After recording hundreds of accidents and receiving complaints of cluttered street sides, the French government is considering a ban on rented e-scooters in its capital city. It could prompt other European cities to do the same.

When they first started popping up on city streets, rentable e-scooters seemed like a great alternative to emission-heavy vehicles and crowded public transport.

The devices, which can be rented by anyone who has a debit card and smartphone, are better for the environment compared to cars. When they are charged by renewable sources of electricity, they produce virtually zero emissions.

As a result, it didn’t take long before thousands of them started popping up in major European cities, such as Paris. With 15,000 e-scooters found dotted around French streets, complaints over public safety and compliance with driving laws started pouring in.

After much consideration, the government is asking Parisians to vote on whether e-scooter rental services should continue to exist. The vote, which local leaders expect to be highly divisive, will take place on April 2nd.

It’s expected that a potential ban might encourage other cities to consider a similar move.

Does the cost of e-scooters outweigh their benefits?

It’s difficult to say what the majority of Parisians really think until the vote takes place, but the record seems to suggest it does.

Rented e-scooters can reach up to 20 km/h, but many areas have seen the devices automatically reduce to 10 km/h. In most cases, they have been programmed to shut off in public parks and can only be parked in specific areas.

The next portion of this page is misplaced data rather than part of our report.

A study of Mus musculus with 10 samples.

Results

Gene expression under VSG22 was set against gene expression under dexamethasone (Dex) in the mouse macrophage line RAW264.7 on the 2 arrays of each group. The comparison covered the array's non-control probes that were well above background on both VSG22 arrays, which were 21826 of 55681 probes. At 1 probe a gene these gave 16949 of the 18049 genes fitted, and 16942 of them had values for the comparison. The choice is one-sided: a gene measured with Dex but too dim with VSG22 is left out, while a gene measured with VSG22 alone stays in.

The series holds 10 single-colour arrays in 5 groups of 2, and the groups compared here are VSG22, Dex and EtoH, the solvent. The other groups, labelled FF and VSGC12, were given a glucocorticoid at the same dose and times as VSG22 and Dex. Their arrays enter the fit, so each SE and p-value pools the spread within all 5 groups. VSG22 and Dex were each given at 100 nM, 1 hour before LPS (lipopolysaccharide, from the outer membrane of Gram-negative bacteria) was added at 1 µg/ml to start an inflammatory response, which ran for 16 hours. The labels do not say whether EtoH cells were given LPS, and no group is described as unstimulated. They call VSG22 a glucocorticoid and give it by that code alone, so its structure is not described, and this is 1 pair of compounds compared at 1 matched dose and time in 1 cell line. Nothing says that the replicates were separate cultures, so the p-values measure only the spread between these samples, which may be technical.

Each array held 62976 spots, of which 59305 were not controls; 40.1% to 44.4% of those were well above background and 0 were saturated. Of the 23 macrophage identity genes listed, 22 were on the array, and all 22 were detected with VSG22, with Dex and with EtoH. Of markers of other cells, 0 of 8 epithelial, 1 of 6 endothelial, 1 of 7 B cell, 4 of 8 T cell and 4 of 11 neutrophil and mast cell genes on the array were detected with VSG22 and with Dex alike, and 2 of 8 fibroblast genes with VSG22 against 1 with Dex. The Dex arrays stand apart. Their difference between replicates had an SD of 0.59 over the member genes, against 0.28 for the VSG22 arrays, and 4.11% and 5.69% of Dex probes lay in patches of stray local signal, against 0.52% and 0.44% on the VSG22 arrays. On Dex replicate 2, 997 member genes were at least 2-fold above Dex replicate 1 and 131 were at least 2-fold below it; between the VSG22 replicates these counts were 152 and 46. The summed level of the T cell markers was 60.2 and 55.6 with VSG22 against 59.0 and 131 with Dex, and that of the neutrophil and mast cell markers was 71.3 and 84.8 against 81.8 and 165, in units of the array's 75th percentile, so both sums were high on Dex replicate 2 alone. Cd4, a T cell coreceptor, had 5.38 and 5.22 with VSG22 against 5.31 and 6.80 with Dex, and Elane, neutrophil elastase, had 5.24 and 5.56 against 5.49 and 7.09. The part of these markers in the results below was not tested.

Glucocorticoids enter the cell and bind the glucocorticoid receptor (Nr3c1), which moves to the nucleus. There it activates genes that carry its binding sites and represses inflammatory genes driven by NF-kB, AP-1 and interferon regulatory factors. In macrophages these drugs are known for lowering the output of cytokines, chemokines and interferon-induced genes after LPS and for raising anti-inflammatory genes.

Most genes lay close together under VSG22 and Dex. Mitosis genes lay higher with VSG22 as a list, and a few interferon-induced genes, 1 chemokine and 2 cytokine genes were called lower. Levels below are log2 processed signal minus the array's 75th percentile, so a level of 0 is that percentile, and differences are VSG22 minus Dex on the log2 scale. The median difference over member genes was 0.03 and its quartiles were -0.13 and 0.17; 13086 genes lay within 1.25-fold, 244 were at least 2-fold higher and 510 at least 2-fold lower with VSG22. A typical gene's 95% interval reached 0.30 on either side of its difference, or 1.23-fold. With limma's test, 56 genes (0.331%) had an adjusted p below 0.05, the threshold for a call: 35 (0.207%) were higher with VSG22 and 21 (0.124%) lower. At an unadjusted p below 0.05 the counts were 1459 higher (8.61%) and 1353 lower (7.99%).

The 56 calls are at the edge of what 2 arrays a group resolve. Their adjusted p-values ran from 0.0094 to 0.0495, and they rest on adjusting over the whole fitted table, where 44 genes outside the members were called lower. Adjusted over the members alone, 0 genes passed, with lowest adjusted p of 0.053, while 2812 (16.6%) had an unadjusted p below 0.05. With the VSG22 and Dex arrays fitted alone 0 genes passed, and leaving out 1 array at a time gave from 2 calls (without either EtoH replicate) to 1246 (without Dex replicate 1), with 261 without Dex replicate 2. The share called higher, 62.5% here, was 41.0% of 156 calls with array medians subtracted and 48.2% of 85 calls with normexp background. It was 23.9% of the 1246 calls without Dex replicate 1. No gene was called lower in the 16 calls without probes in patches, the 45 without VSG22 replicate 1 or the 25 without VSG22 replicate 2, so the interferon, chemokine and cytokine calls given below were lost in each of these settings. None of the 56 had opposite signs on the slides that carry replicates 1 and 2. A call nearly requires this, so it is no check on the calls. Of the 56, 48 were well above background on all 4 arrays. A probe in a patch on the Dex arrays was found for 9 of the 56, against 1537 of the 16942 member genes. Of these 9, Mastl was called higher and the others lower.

But the concerns over the safety of riders, drivers, and pedestrians continue to brew. Especially now that there have been hundreds of accidents caused by e-scooters.

At least 24 people died while using e-scooters in France in 2021, with 337 additional incidents reported. The risk is higher than normal vehicles, as those using e-scooters are less likely to be wearing helmets and are more likely to be intoxicated while operating them.

They’re also a major pain for those walking the streets as they tend to be left parked in an inconsiderate manner. They clutter sidewalks and stand randomly in open walking spaces like city squares.

Not to mention, they’re becoming a huge ‘pollution’ problem, as reports of people throwing e-scooters into the Seine river once finished with them continue to stack up. Not so environmentally friendly once underwater, I’d imagine.

In recent months, the deputy mayor of Paris has stated his opinion that the ‘nuisances caused by scooters now outweigh the advantages to the city.’

But in true French fashion, leaders are letting the citizens have their say.

If the ban goes ahead, it’s likely that electronically-motorised push bikes will still be available for rent – especially as Paris has just installed 180km of additional bike paths to make its city 100 percent cyclable.

Let’s hope so, as renting a bike is a great way to explore the city or get somewhere in a snap. It’s only a matter of time before we see whether Parisians say ‘au revoir’ to e-scooters and whether other major cities will do the same.